Amazon said Wednesday that Lina Khan, the new chairwoman of the US Federal Trade Commission, should recuse herself from investigations into the company for potential antitrust violations. In a motion filed to the commission, Amazon said Khan's past criticisms of the company show she's too biased to bring fairness to the proceedings, The Wall Street Journal reported earlier.
"A reasonable observer would conclude that she no longer can consider the company's antitrust defenses with an open mind," Amazon said in its motion, filed Wednesday.
The FTC, which is conducting ongoing probes into Amazon, declined to comment. Khan was confirmed to her position by the Senate on June 15. She authored a paper for Yale Law School in 2017 about potential anticompetitive practices at Amazon, called Amazon's Antitrust Paradox, arguing that current US antitrust enforcement doesn't adequately target the harm the company may be causing with its dominance across several kinds of businesses, especially online retail and cloud computing.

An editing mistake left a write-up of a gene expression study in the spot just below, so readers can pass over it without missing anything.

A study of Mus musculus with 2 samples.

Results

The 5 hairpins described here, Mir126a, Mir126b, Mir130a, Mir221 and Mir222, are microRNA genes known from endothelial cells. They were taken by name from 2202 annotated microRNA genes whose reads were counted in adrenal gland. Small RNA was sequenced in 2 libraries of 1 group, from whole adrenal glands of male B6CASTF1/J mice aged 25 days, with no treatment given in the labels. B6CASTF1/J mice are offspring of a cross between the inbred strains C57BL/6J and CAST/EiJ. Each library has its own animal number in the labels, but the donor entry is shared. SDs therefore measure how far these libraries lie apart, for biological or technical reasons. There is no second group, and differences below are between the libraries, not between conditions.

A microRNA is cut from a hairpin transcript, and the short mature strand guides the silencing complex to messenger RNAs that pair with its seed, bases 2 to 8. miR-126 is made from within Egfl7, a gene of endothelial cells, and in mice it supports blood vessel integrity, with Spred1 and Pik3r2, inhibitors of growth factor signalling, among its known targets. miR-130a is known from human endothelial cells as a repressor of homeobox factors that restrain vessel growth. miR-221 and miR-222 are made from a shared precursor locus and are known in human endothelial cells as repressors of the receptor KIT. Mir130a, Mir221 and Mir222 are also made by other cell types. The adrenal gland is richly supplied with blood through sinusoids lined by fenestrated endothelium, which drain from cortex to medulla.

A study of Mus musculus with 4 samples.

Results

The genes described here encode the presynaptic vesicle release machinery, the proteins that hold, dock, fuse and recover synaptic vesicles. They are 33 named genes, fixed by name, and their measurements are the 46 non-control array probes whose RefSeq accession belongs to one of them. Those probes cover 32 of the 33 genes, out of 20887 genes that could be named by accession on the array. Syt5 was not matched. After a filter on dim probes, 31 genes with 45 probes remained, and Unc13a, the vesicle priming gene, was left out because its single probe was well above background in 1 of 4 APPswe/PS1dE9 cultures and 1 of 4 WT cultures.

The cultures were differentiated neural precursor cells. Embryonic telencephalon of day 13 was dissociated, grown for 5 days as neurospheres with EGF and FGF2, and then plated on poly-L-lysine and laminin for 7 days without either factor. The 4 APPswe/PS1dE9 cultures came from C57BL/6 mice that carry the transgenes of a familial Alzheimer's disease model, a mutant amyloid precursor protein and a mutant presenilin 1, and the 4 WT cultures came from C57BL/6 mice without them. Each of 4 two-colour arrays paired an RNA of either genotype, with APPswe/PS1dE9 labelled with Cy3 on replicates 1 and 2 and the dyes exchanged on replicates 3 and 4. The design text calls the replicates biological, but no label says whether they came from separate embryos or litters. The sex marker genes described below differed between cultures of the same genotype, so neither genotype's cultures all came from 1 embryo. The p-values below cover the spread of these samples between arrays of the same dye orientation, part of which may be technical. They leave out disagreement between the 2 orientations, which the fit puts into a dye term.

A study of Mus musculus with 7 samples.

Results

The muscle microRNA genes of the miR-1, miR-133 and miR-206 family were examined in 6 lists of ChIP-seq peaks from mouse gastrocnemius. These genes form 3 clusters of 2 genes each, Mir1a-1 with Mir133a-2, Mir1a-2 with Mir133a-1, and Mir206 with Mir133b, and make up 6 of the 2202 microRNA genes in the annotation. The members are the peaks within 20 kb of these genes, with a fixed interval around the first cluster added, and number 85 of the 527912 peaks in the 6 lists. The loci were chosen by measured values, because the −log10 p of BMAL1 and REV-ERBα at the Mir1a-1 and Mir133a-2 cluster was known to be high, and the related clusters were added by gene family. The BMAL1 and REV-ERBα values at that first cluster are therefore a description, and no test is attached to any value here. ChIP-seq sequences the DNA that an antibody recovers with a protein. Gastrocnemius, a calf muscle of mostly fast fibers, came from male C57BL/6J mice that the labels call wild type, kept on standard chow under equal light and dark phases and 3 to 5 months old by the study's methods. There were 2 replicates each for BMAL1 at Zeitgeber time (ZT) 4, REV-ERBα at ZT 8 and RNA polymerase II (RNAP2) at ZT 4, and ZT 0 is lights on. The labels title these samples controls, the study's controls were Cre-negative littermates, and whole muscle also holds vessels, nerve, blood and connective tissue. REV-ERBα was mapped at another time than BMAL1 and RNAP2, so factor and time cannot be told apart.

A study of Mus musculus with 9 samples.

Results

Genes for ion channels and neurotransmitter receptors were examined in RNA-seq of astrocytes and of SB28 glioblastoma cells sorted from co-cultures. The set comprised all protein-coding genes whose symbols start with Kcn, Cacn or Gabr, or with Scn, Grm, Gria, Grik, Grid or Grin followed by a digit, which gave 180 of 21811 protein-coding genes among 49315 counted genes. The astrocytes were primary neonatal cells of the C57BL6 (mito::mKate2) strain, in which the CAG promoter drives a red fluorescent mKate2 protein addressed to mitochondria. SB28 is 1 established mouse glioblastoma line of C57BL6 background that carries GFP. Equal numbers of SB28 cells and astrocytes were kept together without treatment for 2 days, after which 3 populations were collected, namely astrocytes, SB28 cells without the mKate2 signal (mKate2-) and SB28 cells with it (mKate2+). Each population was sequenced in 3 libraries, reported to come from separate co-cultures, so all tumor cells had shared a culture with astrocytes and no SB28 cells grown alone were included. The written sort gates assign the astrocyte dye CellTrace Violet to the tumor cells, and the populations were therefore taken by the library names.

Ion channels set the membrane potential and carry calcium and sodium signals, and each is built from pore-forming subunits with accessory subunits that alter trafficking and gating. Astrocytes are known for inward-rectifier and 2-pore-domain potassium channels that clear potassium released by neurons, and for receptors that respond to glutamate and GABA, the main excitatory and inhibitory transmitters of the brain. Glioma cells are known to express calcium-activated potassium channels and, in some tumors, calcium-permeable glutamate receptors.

Citing her work with the Open Markets Institute, writings in law journals and work with the House Judiciary Antitrust Subcommittee to investigate Amazon for antitrust violations, Amazon said in a statement that Khan came into her role with "preconceived views."
"Amazon should be scrutinized along with all large organizations," an Amazon spokesperson said. "However, even large companies have the right to an impartial investigation."
Khan's appointment came as a bipartisan group of lawmakers introduced, including one that appears to take aim at Amazon. The would bar e-commerce companies from using their platforms to promote their own products over items sold by third party vendors that also use the site. It would also prohibit e-commerce firms from using data from those other companies to develop their own products. Amazon, which maintains it follows antitrust laws, has been accused of doing both.
CNET's Erin Carson contributed to this report.